WE SANG ALONG TO SONGS ON THE RADIO 

We were ambulances
rushing away from crimes
we had willingly committed, not knowing
the bigger emergency lay ahead.
Pretzeling our arms into sailor knots,
we sang to songs we knew by heart,
even when the radio blared white noise.

It was a start-stop motion
as the mountains sucked us in
like a bad French kiss, we screamed
love songs over the staccato static,
made all the louder by
our heart silence. Each burst
of almost-recognizable anthem,
a siren sound leading us
to the next disaster.

 

TWO PEOPLE KISSED IN A CHURCH

Like, really went at it. I watched them
and thought about the homeless man outside
that at 9PM sharp the priest would boot off the steps
and I thought, let them fucking kiss.

I wanted to see their clothes fall off
like napkins off a picnic table.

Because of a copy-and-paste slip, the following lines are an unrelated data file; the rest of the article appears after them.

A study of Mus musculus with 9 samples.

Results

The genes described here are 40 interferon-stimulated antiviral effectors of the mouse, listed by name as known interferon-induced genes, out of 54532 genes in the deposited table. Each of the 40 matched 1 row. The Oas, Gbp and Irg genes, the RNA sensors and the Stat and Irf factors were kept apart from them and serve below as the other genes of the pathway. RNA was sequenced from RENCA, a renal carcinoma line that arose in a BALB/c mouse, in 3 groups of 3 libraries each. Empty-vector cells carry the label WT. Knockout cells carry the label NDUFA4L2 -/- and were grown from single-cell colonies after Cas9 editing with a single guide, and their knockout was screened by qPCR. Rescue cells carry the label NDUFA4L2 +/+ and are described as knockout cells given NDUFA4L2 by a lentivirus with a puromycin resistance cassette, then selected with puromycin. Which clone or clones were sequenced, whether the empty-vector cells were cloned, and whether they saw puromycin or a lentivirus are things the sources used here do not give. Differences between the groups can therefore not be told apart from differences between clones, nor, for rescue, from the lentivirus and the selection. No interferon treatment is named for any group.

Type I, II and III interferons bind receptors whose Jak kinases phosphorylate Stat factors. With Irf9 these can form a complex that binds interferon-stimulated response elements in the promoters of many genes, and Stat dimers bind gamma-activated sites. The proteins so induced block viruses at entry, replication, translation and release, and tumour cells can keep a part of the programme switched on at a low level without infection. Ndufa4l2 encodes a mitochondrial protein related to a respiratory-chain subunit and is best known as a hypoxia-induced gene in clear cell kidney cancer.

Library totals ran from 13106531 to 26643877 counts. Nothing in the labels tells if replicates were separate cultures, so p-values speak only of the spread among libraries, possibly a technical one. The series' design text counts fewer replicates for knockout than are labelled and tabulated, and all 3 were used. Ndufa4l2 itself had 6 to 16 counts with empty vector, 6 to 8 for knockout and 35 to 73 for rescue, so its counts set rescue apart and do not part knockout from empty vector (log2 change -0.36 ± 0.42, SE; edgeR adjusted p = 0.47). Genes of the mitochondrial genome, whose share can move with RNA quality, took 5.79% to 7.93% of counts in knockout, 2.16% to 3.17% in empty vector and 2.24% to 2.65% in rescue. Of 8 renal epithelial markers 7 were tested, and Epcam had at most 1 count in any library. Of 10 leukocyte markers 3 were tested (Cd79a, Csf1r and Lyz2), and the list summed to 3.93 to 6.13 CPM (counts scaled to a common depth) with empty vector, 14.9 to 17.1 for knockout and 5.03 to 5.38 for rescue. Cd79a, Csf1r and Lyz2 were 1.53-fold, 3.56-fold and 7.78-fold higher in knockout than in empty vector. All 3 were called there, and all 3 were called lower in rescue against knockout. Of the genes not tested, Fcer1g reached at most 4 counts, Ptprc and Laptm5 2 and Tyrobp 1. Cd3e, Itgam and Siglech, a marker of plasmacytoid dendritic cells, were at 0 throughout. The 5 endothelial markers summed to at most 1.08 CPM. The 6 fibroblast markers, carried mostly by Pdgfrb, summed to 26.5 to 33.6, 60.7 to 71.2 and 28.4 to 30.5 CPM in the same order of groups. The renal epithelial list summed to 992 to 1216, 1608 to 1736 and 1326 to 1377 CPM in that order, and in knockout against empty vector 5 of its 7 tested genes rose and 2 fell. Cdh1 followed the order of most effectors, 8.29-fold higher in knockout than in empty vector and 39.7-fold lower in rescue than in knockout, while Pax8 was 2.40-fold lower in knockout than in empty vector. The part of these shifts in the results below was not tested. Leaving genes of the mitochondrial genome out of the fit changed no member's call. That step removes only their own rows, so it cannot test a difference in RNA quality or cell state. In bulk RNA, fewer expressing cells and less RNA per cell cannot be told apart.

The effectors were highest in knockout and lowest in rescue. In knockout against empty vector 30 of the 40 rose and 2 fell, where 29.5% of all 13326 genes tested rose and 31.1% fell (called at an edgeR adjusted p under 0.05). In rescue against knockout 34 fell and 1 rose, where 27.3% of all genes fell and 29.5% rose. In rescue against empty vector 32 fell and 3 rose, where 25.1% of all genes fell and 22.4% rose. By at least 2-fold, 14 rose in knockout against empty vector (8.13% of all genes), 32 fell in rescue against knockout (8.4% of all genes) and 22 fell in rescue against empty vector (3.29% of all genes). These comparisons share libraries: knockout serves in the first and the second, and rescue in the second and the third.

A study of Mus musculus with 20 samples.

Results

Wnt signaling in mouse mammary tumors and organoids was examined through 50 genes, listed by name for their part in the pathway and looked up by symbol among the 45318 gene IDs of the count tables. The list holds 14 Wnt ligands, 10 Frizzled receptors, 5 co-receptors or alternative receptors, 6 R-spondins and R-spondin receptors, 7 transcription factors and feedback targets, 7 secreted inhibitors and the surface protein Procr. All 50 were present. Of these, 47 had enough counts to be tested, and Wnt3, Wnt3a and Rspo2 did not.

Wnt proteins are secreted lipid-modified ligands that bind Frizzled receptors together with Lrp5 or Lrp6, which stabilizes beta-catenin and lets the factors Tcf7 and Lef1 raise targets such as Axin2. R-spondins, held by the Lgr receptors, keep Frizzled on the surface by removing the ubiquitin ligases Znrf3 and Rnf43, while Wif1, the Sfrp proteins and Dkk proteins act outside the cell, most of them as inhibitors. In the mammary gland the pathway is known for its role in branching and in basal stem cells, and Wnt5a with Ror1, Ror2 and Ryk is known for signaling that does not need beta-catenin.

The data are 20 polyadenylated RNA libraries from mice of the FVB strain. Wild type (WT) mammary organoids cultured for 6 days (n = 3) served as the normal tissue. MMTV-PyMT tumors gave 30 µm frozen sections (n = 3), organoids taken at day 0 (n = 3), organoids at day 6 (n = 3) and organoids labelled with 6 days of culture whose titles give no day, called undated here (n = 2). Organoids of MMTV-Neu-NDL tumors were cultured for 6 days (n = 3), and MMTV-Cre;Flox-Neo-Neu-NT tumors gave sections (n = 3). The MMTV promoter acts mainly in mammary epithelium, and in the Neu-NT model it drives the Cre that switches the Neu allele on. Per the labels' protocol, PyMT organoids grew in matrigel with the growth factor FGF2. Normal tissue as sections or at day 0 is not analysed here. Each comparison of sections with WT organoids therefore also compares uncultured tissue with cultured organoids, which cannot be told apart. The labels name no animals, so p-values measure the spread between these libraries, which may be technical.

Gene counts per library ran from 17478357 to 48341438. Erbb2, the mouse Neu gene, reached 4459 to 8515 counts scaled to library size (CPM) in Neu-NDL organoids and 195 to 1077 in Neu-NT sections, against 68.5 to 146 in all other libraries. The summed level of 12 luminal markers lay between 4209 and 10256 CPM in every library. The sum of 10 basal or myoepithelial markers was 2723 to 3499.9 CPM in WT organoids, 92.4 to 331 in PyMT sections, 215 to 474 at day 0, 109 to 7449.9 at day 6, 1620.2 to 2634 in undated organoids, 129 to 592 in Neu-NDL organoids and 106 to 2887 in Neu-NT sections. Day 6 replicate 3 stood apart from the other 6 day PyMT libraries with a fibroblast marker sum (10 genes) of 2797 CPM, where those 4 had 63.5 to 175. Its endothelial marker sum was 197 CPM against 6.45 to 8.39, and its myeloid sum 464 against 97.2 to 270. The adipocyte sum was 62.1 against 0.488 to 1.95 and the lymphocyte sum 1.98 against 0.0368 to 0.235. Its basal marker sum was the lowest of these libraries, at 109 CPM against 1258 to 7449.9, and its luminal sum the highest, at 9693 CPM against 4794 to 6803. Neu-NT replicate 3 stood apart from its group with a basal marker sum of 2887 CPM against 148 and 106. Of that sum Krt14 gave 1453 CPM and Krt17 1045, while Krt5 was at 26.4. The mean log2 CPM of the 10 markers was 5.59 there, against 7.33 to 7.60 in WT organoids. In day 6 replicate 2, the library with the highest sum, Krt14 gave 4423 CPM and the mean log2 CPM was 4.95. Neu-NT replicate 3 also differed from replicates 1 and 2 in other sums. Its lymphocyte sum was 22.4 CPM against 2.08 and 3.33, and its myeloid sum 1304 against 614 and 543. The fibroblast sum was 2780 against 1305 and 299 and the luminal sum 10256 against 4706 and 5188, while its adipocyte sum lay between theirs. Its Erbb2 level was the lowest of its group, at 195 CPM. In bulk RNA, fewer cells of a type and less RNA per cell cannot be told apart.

Her lipstick smear across his neck;
a red gill he will gasp through
as he nurses the scoop in her shoulder
with his hungry mouth.
Closing it firmly and sealing her in
sarcophagus-like.

I wanted to see them fall into the confessional
while I take pictures of the nave.
They will confess, crossing one another
with fingers that shake.


PATTIE FLINT is a poet and bookbinder that spends her time between Brighton, England, and San Francisco, California. She has her MFA in poetry from Cedar Crest College and has been published in Amsterdam Quarterly, Five [Quarterly], and the Wisconsin Review, among others. In her spare time she enjoys rock climbing and music. Find her at @pattieflint on Twitter or at pattieflint.com.